Eric Darnell & Michael Collery
"Computers are dumb as posts. They don't know anything unless they are told and they must be told in no uncertain terms."
Emru Townsend: Eric, what would you say are some of the limitations of working with a computer for animation?

ED: It is not unusual for an animation student to get excited about the computer because "anything is possible". In an abstract sense this may be right, but this perspective is not held by anyone who has spent any time actually trying to do "anything" with a computer. I recently took a Story Structure class given by screenwriter Robert McKee and one of his many bits of wisdom was, "The most foolish thing that an artist can do is to think that he can do anything, because if he does then he will end up doing nothing." In practice, the limitations of using a computer as a tool to do art and entertainment become all too clear. I'll try to break the idea of limitations into a few categories.

The first category, and perhaps the most basic, concerns the limitations that the computer user brings to the table. Obviously, the limitations associated with using any medium are defined by the experience and abilities of the person using that medium. I suppose these could be considered "fixed cost" limitations. There is no reason why a person with no CG experience, but with the right set of interactive tools and a good manual, could not create a wonderful piece of animation, but that person would certainly be working under some pretty significant limitations. There are people who have been involved with CG for years that are geniuses when it comes to writing programs and generating tools for creating computer imagery, but many (though not all) of these people couldn't create an entertaining piece of computer animation if their lives depended on it. This is not necessarily a negative thing. These people have spent their time developing certain skills in the art of computer programming instead of certain skills in filmmaking art and design.

On the other hand, there are people who are architects of wonderful computer animation who know little about using a computer. We have great art directors at PDI who never touch an Indigo computer, but they are able to bring their art, design and directing skills to a project to help guide those who are actually producing the images on the computer. There was a time in computer graphics when one person really did have to do it all (and it usually showed), but even today, with large teams of experts and specialists, we are a long way from being able to use the computer to do "anything" we can dream up.

Another set of limitations are the ones that are consciously applied to any CG project (or any other type of production). This includes things such as how much time and money is available, and what resources are at hand, but even more important are the limitations imposed by design, story and art direction. CG people are often seduced by things that computer technology tends to make easy, like flying a camera around, and they end up designing their work based upon the technology instead of upon a good idea. A friend of mine teaches college-level computer character animation and the first limitation he imposes on his students work is that there can be no moving cameras. In the long run, this limitation actually becomes liberating for the students because they are free to concentrate on character animation without worrying about what to do with the camera (another art). In a way, the right set of consciously imposed limitations can allow us to do "anything", whatever the medium.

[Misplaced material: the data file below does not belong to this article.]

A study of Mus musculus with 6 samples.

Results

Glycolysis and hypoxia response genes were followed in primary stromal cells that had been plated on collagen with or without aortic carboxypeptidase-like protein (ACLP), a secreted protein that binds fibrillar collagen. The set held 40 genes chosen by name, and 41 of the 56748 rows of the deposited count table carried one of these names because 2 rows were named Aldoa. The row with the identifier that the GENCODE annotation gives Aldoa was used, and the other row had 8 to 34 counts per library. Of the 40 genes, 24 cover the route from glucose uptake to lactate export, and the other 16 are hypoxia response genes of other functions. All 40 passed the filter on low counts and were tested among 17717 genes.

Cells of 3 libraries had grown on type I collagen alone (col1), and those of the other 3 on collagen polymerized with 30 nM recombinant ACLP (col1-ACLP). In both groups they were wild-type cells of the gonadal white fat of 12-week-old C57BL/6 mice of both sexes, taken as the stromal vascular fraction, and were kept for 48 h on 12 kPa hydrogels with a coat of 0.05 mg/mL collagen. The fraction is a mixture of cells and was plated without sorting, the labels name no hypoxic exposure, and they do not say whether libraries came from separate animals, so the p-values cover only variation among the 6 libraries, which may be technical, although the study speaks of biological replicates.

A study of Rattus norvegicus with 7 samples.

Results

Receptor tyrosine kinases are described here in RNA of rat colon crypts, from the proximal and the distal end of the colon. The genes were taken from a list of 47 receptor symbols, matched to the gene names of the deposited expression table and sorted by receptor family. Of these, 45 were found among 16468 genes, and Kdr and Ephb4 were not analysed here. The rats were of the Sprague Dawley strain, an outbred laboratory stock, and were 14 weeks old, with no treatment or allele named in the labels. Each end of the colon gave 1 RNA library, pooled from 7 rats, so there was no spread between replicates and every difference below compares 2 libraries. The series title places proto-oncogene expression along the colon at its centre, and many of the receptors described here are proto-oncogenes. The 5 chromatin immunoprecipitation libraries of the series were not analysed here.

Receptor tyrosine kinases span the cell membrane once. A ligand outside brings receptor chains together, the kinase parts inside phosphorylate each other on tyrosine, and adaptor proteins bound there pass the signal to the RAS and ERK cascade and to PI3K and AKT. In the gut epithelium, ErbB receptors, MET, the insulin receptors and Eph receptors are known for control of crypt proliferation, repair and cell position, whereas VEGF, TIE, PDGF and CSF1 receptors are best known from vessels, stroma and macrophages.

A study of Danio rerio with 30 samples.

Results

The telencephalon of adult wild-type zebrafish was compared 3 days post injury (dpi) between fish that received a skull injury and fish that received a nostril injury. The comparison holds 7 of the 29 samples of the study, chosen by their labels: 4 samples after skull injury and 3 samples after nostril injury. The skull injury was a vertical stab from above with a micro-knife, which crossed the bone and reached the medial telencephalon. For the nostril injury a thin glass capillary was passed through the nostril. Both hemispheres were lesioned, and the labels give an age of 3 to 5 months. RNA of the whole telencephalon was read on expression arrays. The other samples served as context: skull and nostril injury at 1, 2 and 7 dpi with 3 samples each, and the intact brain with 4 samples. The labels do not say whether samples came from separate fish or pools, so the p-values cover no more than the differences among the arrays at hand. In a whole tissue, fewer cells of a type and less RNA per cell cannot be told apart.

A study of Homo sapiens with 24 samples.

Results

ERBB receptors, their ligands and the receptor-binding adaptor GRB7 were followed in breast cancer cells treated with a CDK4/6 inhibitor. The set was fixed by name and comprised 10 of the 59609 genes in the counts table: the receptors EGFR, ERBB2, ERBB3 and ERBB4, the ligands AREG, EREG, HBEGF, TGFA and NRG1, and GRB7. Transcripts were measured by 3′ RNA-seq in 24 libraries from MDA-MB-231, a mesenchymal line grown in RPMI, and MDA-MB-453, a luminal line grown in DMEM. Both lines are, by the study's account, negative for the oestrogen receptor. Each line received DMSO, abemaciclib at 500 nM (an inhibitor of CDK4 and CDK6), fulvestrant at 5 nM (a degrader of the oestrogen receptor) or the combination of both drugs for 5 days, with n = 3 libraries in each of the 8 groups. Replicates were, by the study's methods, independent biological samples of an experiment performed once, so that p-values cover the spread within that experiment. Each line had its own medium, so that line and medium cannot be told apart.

Of course there are more concrete, day-to-day limitations that we run up against when computer animation tries to "compete" with other types of animation. It's hard to imagine a facial animation system that would give an animator the same flexibility that a traditional animator has with a pencil and paper. If a job suddenly requires a new unplanned expression on a character's face, a traditional animator can just draw the new face the way she wants it. A computer animator might have to spend hours or even days figuring out how to move the points in her 3D face model into the right configuration. "Collision detection" is another thing that is usually a pain with CG. Basically, unless someone programs it into the system, computer generated objects do not collide with each other and recoil. Instead, they are happy to overlap and share the same space. Computers are dumb as posts. They don't know anything unless they are told and they must be told in no uncertain terms. If you don't tell a computer anything about physics, then don't expect the computer to figure physics out for itself. The physics that we take for granted in the real world is, in most cases, impractical to program into a computer animation system. The calculations can be very involved and it is often less time consuming (but time consuming nonetheless) for an animator to just make sure his character doesn't walk through any walls or stick his hand through his chest. Consequently, things that "should" be easy to deal with, like characters shaking hands or trying on clothes, can be a much bigger ordeal for the CG animator than for animators working in other media.

I've really just scratched the surface. I guess that the notion of "limitations" is really the defining characteristic of just about anything that we do, especially art, and I feel like I'm just beginning to get a feel for how to manipulate a set of limitations to get good results in what I do with computer animation.